Alas, the show has arrived — and it’s a good one. There were a few a mixed reviews before the show’s official airing (such as this one) that may or may not have put people off. I think some people forget what a TV pilot’s purpose is. They’re not meant to be the most memorable episodes, they’re meant to set up what the show is and what it is not.
In the pilot episode of Dollhouse, entitled “The Ghost,” we first meet a girl named Caroline who has apparently gotten in with bad business. She’s offered a chance for a clean slate, she just has to work for this company for five years and she’s free. We then cut to Caroline on a date, and a very special one at that. Why? Well, because at the end of the date we learn that it wasn’t a “real” date at all. Maybe it was for the guy, yes, but for Caroline, it was all part of her job. No, she’s not a prostitute, she’s an Active — oh, and her name is no longer Caroline, either; we refer to her now as Echo. So Echo is an Active — someone who has had their memory completely wiped only to have re-imprinted time and again with other personalities — who lives in the Dollhouse, which serves as a kind of storage place/home for Actives when their not on duty. The purpose for the constant memory imprints (and subsequent wipes) is to provide a service — any service you can think of — for a very high price. Want a perfect date? Or maybe an assassin? The Dollhouse is where you go.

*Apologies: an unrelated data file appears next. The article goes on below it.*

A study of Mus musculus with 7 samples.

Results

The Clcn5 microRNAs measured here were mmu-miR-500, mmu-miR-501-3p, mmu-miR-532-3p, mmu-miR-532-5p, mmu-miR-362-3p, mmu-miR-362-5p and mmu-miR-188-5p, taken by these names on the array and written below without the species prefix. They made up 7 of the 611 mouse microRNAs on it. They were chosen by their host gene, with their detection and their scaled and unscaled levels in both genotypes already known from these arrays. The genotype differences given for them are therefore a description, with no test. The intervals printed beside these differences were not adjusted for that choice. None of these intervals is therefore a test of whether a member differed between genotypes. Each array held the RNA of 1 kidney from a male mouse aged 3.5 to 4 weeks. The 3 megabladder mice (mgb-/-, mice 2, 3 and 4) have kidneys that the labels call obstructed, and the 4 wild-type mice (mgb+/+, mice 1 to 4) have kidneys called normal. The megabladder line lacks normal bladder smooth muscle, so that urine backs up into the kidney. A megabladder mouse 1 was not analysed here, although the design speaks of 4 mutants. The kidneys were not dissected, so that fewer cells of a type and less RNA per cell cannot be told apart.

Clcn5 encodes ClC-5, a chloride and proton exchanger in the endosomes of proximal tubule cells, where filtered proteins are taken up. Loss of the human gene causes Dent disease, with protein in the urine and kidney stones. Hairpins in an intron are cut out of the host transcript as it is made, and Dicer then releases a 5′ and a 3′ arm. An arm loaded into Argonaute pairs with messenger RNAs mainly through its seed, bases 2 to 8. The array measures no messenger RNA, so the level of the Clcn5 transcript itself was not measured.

And that’s all I will provide for your exposition. The pilot sets all of this up, and so much more. We get a general feel for how the series’ structure will play out — like House we infer that every week we’ll have a new “adventure” (and a “new” Echo to deal with it). But Echo also has a problem now. She’s remembering parts of her past life and it doesn’t make sense to her… but yet it’s there plain as day. This, I believe, will serve to make the show partially serialized as well (it wouldn’t be a Joss Whedon show if it wasn’t) as an internal conflict is sure to arise. The premise is intriguing to say the least.
And after viewing the pilot, I am having a beef with the reviews I’ve read as well. So many have stated that the show lacks any real character development, and I beg to differ. Sure, you will never feel any real connection to who Echo’s current “personality” is, but you will to Echo herself. We see that there’s more and that she understands that there is more and we know that she will pursue it even if she can’t make heads or tails of what’s going on. We connect with that yearning to know what we can’t understand.
But it’s not just Echo, though. All of workers of the Dollhouse seem fairly interesting — most notably Topher, the man in charge of making the imprints and, my personal favorite, Dr. Saunders, the woman in charge of the health of the Actives — and carries several nasty scars across her face as well.
The show definitely has me hooked, though, I’ll admit, not in the way that Buffy and Firefly did… well, at least not yet (as a fan of Buffy, I’ll be the first to admit that the first season took several episodes to find it’s footing).
And as far as the ratings go, they weren’t too shabby — especially for a scripted sci-fi drama on Friday nights. That’s more than I can say for my other Fox favorite, Terminator: The Sarah Connor Chronicles, which was sub-par (the ratings, not the show) — TSCC is Dollhouse‘s lead-in.
Hopefully, though (and yes, I actually just crossed my fingers), both shows will manage to stick around after their respective seasons come to an end. And if you’re a sci-fi geek who hasn’t checked the show out yet — ah, hell, it’s Joss Whedon, watch the damn show! And don’t miss TSCC, either!
Dollhouse continues airing Fridays at 9 P.M. EST, with TSCC airing at 8 P.M. (…EST).